Fort Valley State University alumna becomes first woman to serve as College of Agriculture dean at Tuskegee University

by ChaNae Bradley

Posted on Mar 22, 2022

Dr. Olga Bolden-Tiller

Dr. Olga Bolden-Tiller

Dr. Olga Bolden-Tiller is the first woman to serve as dean of Tuskegee University’s College of Agriculture, Environment and Nutrition Sciences.

Although the 1997 Fort Valley State University animal science alumna holds decades of experience in the agricultural discipline, and has conducted research at top universities, as a young girl her initial aspirations were not in agriculture.

“I never thought about agriculture as a career,” Bolden-Tiller says chuckling, referring to herself as an accidental aggie. “Even though I chose animal science and understood that if I studied animals, [as] most of the advances in human reproduction are explored with animals, I never thought of it as a career.”

The Homerville, Georgia, native was no stranger to FVSU or agriculture, as her mother graduated from Fort Valley State College with a home economics degree and taught in the public school system for 38 years.

“She was the adviser for the high school Future Homemakers of America (FHA) Club, now called the Family, Career and Community Leaders of America (FCCLA). She took students to Camp John Hope every summer of my childhood to participate in FHA and Future Farmers of America (FFA) activities,” Bolden-Tiller said. As part of the camp, she recalls visiting FVSU’s campus and talking to faculty and students.

Once Bolden-Tiller matriculated into high school, she realized she had a desire to study reproduction and considered majoring in biology. However, during the summer prior to her senior year of high school, she had her first encounter with animal science as a participant in a research apprenticeship program offered to high school students by FVSU. This program allowed her to meet FVSU research faculty, conduct research and to learn about techniques related to reproductive biology under the mentorship of Dr. Eugene Amoah (retired).

“We did a lot of work associated with goat reproduction, laparoscopy and in-vitro fertilization. That piqued my interests because a lot of the work that we did could address humans and could address infertility in females,” Bolden-Tiller said.

In preparation for her future, the budding animal scientist applied to FVSU and received the James H. Porter Scholarship. In 1993, she began her undergraduate studies. As an undergraduate, she participated in fellowships and internships with the U.S. Department of Agriculture in Idaho as well as the Agricultural Research Service in Beltsville, Maryland, and she also became president of the student chapter of the Minority in Agriculture, Natural Resources and Related Sciences (MANRRS) organization to which she was introduced by Dr. Charles Magee. These experiences allowed her to present research at conferences and meet and network with people from across the country.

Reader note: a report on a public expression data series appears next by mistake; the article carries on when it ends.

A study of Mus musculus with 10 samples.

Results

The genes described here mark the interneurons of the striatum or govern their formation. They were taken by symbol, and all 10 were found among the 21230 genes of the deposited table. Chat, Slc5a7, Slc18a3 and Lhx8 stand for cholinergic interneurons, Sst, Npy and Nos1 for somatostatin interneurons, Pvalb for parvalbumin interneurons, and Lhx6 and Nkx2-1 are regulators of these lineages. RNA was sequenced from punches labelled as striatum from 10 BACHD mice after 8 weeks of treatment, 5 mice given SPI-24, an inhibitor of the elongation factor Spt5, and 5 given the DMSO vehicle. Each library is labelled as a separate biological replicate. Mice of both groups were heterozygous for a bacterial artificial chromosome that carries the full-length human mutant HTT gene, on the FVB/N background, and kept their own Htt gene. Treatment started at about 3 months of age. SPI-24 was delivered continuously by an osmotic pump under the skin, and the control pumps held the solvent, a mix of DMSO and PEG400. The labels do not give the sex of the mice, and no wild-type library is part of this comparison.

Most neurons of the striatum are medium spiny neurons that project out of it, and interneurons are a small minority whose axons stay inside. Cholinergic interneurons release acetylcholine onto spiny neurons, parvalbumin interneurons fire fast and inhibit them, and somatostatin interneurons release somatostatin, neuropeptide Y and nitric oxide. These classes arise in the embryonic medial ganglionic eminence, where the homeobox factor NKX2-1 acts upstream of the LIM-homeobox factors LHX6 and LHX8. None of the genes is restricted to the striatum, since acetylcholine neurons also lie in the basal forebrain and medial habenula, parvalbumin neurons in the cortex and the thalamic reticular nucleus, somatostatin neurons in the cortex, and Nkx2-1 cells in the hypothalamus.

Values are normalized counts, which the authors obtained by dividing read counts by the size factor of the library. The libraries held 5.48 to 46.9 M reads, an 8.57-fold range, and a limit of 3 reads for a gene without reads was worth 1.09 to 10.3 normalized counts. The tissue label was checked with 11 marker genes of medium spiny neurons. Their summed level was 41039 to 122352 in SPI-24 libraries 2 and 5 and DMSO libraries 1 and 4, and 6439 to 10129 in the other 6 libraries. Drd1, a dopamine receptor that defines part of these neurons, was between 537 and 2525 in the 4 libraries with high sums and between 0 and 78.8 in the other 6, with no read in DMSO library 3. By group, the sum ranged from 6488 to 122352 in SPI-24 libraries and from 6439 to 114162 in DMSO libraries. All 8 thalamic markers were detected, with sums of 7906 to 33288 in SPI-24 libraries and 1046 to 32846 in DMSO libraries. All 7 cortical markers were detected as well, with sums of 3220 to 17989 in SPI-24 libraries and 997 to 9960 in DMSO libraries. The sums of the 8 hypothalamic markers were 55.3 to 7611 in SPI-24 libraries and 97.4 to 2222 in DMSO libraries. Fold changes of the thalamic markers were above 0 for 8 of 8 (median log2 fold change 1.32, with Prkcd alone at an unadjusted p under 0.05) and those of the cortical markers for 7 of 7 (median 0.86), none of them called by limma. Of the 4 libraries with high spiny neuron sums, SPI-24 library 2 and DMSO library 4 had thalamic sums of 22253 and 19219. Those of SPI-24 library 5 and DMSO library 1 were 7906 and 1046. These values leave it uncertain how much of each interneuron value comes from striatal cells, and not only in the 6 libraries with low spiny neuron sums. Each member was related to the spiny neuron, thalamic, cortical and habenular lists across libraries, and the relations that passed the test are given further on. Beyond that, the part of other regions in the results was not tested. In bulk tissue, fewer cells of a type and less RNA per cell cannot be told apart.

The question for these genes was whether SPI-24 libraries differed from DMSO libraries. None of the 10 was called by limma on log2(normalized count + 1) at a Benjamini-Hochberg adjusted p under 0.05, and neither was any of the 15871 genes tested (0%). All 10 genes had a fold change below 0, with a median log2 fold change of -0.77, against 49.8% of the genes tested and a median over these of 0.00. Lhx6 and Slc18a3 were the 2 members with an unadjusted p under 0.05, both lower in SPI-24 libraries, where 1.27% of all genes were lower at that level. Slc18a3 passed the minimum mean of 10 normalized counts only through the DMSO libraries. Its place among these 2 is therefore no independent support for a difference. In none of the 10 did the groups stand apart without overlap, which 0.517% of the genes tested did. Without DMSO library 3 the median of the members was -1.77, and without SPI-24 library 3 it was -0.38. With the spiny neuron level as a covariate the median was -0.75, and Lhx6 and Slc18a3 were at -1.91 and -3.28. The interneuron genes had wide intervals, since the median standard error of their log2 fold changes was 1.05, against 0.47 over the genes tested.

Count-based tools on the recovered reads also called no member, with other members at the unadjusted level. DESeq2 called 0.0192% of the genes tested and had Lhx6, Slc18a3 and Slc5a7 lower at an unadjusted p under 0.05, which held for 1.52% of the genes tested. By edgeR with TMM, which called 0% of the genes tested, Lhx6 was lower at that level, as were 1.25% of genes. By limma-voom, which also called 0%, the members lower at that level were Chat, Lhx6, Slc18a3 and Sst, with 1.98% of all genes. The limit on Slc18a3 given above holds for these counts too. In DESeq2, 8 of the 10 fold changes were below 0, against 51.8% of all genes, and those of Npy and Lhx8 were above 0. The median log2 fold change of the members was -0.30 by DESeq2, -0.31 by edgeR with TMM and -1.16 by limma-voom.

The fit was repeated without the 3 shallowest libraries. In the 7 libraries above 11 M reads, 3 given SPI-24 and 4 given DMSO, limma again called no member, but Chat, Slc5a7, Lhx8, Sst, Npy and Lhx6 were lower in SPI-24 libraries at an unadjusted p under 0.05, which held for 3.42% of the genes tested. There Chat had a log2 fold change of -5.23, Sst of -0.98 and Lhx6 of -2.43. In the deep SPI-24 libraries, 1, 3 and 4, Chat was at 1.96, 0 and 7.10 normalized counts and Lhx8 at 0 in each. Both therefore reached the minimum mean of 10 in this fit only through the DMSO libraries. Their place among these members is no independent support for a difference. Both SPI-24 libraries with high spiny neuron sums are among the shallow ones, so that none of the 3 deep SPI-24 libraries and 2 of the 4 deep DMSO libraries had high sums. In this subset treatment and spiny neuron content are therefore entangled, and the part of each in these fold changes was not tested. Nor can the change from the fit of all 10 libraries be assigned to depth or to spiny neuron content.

“I think because I was open to learning and taking advantage of opportunities that were offered by faculty and staff based on my own interests, I was set up for success,” Bolden-Tiller said. From those experiences, she decided earning a doctorate was the next step.

“I actually went directly into a Ph.D. program right after my bachelor’s. I ended up at the University of Missouri-Columbia and pursued a doctorate in animal sciences,” Bolden-Tiller said. The researcher said during her doctoral studies, she picked a great adviser (Dr. Michael Smith) who supported her desire to be in academia at a Historically Black College and University (HBCU), particularly an 1890 Land-Grant University. “My adviser respected the art of teaching and was known for being a great teacher,” she said.

In 2002, Bolden-Tiller completed her doctorate. To prepare for a career in academia, she pursued a postdoctoral fellowship with the National Institute of Health (NIH), which allowed her to conduct research at the UT-MD Anderson Cancer Center in Houston, Texas. In addition to her research, she also served as an adjunct professor for human anatomy and physiology at Houston Community College. With teaching experience under her belt, Bolden-Tiller was now prepared to pursue academia. After her two-year fellowship ended, she received a call about a junior faculty positon at Tuskegee University. She gladly accepted the role in 2006.

“I felt like I could come here (Tuskegee) and do well,” she said smiling. “In six months, I was assigned to be the program coordinator for the animal science program.” The college dean says she came with a lot of energy and ideas. As the years progressed, she was promoted to assistant department head and rose to the ranks of assistant dean until her appointment to dean in January 2022.

“I never aspired to be a dean, but I recognized that there may one day be a need for me to be one because I think it’s important that our leadership represents our student population,” Bolden-Tiller said.  Bolden-Tiller also serves as the current President of the National Society for Minorities in Agriculture, Natural Resources and Related Sciences.

Although the college dean has received many accolades, she said her 15-year-old son is her greatest accomplishment. Bolden-Tiller, who is married to her high school sweetheart, resides in Tuskegee, Alabama, where she is actively involved in the community.